Maryland Burglary Lawyer
Burglary is a crime taken very seriously in Maryland. A burglary charge or conviction can have a severe impact on a person’s life. It is essential that a person contacts an experienced attorney who can fight the evidence and charges on their behalf.
If you are facing charges of burglary, a Maryland theft lawyer can assist in efficiently building your defense and can provide help for a positive outcome in your case. It is critical that you consult an attorney before you give a statement to law enforcement. Anything that is said can be used against you in court. A skilled Maryland burglary lawyer can ensure that you understand your legal rights if you are facing burglary charges.
Classifying Burglary Offenses
In Maryland, there are multiple different ways to be charged with a burglary; including offenses from the misdemeanor classification of burglary (which is a Fourth Degree charge) all the way up to a felony (a First Degree charge). Burglary charges typically have in common the fact that the State has to prove that the defendant broke and entered the dwelling of another or, in some circumstances, the storage area a non-dwelling place of a person.
A Maryland burglary lawyer can challenge the State’s evidence and charges. The State has to show the elements of a breaking and an entering and, depending on the building that was broken in into, it could be a misdemeanor or a felony, depending on the defendant’s intent.
Prosecution of Burglary
Burglaries are harshly prosecuted. Judges obviously remain neutral and do not treat defendants or sentence them based on their own personal beliefs. But when speaking with prosecutors or judges about burglary cases, the consistent theme is the invasion into the one place that is supposed to be a person’s sanctuary. It is their home, where they keep their belongings, where they should feel safe. When someone violates that feeling of security by entering into their house, taking their things, rummaging through their things, it deprives the person of that feeling of safety and security. Judges and prosecutors are sensitive to that and understand what they are going through.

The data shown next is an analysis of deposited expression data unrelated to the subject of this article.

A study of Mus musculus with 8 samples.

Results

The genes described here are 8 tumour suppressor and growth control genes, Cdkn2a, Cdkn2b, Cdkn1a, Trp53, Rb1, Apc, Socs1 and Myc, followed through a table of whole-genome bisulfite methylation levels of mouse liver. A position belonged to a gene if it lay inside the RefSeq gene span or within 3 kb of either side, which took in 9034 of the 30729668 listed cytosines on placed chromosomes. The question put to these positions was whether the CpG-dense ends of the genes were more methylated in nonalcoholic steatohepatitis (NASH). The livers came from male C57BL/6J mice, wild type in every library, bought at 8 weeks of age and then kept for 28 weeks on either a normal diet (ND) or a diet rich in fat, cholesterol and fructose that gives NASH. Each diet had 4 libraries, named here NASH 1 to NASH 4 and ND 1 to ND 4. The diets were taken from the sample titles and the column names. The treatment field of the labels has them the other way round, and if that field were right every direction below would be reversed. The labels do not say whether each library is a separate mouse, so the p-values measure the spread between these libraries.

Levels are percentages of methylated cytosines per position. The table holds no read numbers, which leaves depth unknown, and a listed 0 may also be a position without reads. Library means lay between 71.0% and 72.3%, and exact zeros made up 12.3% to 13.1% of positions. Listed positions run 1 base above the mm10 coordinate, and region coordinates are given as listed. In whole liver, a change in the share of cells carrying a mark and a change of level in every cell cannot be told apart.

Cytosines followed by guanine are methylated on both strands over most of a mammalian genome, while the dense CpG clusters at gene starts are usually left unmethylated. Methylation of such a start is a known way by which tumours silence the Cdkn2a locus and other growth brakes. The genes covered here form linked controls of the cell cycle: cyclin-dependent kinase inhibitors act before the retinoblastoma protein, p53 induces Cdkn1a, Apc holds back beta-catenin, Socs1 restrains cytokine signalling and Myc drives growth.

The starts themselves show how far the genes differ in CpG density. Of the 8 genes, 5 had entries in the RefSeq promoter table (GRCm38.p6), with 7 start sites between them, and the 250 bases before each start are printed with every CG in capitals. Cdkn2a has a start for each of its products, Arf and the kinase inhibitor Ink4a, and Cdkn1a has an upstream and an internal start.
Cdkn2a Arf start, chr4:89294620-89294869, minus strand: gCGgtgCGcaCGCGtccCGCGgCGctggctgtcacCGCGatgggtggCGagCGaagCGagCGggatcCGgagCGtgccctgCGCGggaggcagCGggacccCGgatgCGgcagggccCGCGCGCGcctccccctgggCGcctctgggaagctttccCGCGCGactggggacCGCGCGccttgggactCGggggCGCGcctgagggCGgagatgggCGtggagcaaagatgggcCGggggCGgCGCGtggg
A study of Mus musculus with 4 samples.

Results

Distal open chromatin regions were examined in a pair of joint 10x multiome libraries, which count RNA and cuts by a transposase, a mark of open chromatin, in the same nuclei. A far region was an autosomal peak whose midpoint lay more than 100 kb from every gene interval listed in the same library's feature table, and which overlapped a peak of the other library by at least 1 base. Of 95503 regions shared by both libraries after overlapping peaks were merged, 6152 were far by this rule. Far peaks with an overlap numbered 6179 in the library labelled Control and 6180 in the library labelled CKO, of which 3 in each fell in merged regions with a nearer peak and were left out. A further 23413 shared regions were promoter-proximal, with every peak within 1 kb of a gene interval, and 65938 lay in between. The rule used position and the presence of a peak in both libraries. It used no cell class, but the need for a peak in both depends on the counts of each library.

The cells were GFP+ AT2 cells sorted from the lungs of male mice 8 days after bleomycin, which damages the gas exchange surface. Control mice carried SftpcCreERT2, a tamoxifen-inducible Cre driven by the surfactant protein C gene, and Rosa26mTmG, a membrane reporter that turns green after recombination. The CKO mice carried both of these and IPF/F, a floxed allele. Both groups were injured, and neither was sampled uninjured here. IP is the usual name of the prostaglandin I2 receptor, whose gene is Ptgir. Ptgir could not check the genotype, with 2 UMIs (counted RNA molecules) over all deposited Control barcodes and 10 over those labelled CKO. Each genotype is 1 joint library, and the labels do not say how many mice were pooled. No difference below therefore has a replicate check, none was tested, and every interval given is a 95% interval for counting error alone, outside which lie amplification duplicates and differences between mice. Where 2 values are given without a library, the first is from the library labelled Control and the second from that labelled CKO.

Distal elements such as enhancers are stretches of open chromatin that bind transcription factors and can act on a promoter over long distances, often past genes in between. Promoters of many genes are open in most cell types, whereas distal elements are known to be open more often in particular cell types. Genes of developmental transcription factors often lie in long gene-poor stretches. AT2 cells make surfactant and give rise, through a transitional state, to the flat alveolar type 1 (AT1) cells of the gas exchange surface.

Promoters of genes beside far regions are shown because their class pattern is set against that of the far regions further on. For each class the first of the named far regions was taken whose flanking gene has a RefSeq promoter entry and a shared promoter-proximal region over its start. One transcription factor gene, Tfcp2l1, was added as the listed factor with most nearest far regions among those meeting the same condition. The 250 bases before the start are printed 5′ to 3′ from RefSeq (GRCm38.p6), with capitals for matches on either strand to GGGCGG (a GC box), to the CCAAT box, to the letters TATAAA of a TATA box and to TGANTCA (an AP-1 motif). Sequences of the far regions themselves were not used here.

The prosecution has to prove each and every element of the offense and it depends on exactly what type of burglary the person is charged with. Under all scenarios, the prosecutor has to be able to prove a breaking and an entering. That is not as easy as it sounds, because there may be a breaking but not an entering. There are many different factual scenarios, such as if a person may have had permission to go into that home. Since there are various elements of the crime, it can be complicated to navigate and challenge the prosecutor’s evidence without a dedicated Maryland burglary lawyer.
The prosecution would have to prove that a breaking and entering occurred, and then depending on the degree of burglary, there are additional elements that the State has to prove. For example, in a First Degree Burglary, the State has to prove there was a breaking and entering, but that it was done specifically to that dwelling with the intent to either commit a theft or a crime of violence.
Burglary and Trespassing
Burglary typically deals with someone who has entered a building, whether it is a dwelling or a storage area. Under most circumstances, in order for somebody to be convicted or charged with a burglary, there would have to be the breaking and entering of a building.
A trespass can be accomplished simply by walking onto another person’s property. A person can commit a trespass without actually ever walking into someone’s home. There are two different ways that a trespass is charged. The landowner and homeowner have posted no trespassing signs in conspicuous locations and someone does enter onto their property, onto their land, then that is a trespass.
There does not have to be any specific intent, simply that the person did intend to walk onto their land; that is trespass. The other scenario that typically comes up in trespass cases is where the property owner has told a particular person to leave and not to come back. If they are advised of that and they return, that is also a trespass. In that scenario, the property does not need to be posted; it has to do with what has been communicated to the defendant and then the defendant returning anyway.
Working with a Maryland Burglary Attorney
A person charged with burglary definitely needs to have an attorney who understands the criminal law and has had experience with trials. It is essential to work with an attorney who has a strong familiarity with the laws of burglary. There are a lot of different case scenarios, and depending on what the State may be able to prove, there can be serious penalties.
An experienced Maryland burglary lawyer is going to work hard to understand the evidence in the case and try to provide proof that there was no burglary that took place. An experienced defense attorney is going to understand the different scenarios that change the burglary misdemeanor to a felony. It would be wise to retain an experienced defense attorney if you are facing burglary charges in Maryland.